On April 12, 2021, Illinois will move to Phase 2 of COVID-19 vaccine eligibility, which all members of the population 16 and above can reserve a vaccination appointment, but residents of the city of Chicago are not included, as the city has a separate schedule of expanding vaccination eligibility. The timeline for Chicago has proceeded to Phase 1C since March 29, and given President Joe Biden’s order on the deadline of universal adult eligibility, it is expected to move to Phase 2 by April 19.
Because of work, I am eligible for vaccination under Phase 1C, and I scheduled an appointment and got my first-dose vaccine under the Cook County Community Vaccination Program in early April. To reserve a spot was like a lucky draw. Recall the first rollout of mass vaccination appointments after my sign-up, there was a batch of nine thousand appointments available on March 31. After half an hour of waiting in the virtual waiting room, I was told that all appointments were taken. During the second rollout on April 1, with 20 thousand appointments available, some friends of my successfully secured a spot, but I was still not lucky enough to get one. On the next day, at my third attempt, I finally reserved an appointment.
My vaccination appointment is scheduled at a state-run vaccination center in Forest Park. The operation is monitored by the authority with support of the U.S. Army. Running around 50 vaccination stations there, the National Guard took care of the registration and nurse practitioners executed the vaccination. The vaccine I am receiving is Pfizer/BioNTech, and an appointment for the second-dose vaccine was immediately scheduled in the third week after the first-dose. The whole process was very smooth and only took 10 minutes, then we were asked to rest for 15 minutes to observe our reactions after the injection. I was advised to provide a health check-in on a text messaging and web app called V-Safe for the next seven days after vaccination. The well-organized operation made me feel safe and extremely glad to be vaccinated. Feeling grateful, I did not experience any severe side effects, only a sore arm for one and a half days.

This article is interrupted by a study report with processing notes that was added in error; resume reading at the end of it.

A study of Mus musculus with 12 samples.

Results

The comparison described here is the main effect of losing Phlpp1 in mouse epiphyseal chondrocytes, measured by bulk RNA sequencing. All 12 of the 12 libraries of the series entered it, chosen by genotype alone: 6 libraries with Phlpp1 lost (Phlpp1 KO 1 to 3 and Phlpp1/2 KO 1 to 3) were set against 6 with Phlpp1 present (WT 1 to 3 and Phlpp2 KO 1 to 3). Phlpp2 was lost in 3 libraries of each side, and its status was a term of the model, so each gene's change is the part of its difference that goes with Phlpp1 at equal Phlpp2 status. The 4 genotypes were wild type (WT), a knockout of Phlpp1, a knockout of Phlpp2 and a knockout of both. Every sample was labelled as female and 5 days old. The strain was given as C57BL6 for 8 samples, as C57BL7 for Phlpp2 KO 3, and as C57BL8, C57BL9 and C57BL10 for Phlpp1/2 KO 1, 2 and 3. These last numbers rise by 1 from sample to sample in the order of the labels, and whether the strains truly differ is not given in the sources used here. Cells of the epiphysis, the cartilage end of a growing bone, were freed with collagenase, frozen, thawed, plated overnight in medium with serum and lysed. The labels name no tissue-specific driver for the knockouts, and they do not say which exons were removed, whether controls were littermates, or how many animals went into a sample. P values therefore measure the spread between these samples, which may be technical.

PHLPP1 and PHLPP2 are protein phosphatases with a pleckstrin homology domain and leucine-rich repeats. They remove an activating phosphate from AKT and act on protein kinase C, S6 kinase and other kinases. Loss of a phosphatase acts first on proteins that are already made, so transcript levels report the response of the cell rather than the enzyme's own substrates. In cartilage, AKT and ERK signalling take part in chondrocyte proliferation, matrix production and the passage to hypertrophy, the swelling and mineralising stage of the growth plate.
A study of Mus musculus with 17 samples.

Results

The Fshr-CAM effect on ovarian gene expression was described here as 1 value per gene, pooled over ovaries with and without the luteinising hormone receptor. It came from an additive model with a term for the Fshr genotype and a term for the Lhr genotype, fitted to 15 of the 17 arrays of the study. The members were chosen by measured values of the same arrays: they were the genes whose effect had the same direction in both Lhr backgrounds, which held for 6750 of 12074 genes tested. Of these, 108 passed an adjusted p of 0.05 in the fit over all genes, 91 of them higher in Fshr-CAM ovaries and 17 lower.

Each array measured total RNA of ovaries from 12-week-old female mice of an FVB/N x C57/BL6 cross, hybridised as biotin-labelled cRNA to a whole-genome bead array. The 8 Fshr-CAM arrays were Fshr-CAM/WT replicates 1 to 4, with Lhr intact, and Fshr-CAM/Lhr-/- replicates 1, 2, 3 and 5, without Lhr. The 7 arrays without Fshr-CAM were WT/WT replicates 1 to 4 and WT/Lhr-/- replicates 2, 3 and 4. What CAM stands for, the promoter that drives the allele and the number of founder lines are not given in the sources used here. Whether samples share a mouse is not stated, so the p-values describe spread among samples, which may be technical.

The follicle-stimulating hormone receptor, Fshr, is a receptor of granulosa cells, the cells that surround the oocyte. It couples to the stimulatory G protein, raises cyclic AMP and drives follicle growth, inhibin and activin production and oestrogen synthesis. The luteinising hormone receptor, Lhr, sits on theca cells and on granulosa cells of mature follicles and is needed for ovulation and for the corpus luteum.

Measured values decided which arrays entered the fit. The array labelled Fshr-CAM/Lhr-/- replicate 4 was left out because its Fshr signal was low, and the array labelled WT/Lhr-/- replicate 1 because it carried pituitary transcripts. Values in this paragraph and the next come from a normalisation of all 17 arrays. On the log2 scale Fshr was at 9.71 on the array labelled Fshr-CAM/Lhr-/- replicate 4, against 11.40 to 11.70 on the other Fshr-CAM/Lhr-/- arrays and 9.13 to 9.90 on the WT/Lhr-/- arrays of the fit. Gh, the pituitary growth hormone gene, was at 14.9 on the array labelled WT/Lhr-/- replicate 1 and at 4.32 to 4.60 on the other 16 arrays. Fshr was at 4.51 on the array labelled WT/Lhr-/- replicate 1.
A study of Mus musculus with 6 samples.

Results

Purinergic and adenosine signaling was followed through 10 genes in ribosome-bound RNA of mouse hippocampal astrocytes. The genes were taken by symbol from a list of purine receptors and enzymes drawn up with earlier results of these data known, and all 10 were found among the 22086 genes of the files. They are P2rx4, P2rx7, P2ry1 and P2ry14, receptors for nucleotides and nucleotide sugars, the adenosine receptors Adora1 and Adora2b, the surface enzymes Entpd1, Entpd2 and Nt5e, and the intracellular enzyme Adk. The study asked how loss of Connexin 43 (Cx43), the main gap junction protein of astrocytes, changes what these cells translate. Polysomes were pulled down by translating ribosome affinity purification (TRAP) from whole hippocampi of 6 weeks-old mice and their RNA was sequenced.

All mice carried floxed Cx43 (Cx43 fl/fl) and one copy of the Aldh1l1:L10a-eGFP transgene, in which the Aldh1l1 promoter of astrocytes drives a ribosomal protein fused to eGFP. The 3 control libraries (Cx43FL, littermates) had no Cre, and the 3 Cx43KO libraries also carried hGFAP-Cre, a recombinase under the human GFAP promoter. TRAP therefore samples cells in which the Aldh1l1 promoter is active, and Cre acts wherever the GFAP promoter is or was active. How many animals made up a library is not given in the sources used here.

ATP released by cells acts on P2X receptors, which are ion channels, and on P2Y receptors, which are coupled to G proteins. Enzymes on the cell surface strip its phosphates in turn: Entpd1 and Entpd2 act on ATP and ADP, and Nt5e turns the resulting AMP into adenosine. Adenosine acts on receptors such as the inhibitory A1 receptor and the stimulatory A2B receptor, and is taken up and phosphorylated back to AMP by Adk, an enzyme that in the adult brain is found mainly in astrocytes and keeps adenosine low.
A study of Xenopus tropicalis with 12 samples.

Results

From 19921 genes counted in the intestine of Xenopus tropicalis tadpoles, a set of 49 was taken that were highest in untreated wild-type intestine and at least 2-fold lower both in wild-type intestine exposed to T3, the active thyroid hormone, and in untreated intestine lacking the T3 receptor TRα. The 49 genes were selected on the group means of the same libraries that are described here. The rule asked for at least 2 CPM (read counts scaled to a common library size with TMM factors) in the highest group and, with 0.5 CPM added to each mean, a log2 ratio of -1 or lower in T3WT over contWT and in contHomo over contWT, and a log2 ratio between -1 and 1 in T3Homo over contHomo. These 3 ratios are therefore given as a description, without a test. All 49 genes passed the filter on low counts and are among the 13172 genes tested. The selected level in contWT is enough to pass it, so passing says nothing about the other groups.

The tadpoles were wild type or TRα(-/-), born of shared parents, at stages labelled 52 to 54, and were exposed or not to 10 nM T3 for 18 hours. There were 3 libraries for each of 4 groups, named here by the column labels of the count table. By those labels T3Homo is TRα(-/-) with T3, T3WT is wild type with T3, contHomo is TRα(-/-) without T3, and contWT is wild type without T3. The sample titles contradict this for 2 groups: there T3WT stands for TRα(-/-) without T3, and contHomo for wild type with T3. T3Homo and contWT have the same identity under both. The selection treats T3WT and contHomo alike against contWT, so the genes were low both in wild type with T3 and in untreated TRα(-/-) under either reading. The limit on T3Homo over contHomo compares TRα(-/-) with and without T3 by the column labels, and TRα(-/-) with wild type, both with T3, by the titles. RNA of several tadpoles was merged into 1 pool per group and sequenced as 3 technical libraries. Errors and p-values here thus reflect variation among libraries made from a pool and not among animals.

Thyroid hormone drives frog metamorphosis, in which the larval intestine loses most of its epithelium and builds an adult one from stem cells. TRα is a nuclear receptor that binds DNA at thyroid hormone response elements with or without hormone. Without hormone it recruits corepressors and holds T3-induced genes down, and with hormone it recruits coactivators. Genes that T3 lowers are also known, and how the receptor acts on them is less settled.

People show mixed feelings on the effectiveness and safety of the available vaccines, but in the past weeks, the numbers of confirmed cases in Illinois and Chicago bounced back from the record-low number of this year in mid March. Also, summer is coming, and I believe many people cannot hold themselves to stay home for another year. So the way to go is to get vaccinated as soon as possible, and everything can get back to normal sooner.
If anyone is still struggling with finding an available appointment, sites like the Cook County Community Vaccination Program, Zocdoc, and Vaccine Finder are recommended by the authorities. But more search engine sites have been developed along the time. One is vaccinespotter.org, an open-source project to visualize the appointment availability updated every minute. For Illinois, the site includes 14 pharmacy chains with over a thousand locations mostly in Chicago. This project started to develop in early February and is still under development, but it is so far the most user friendly and up-to-date vaccination appointment information site I have seen.
Starting from April 12, a number of 150 thousand first-dose vaccination appointments will be available in the suburbs near Chicago, primarily in the 11 state-run vaccination sites and pharmacies. Vaccination providers in the city will also get more supplies. Go schedule one if you have not vaccinated yet!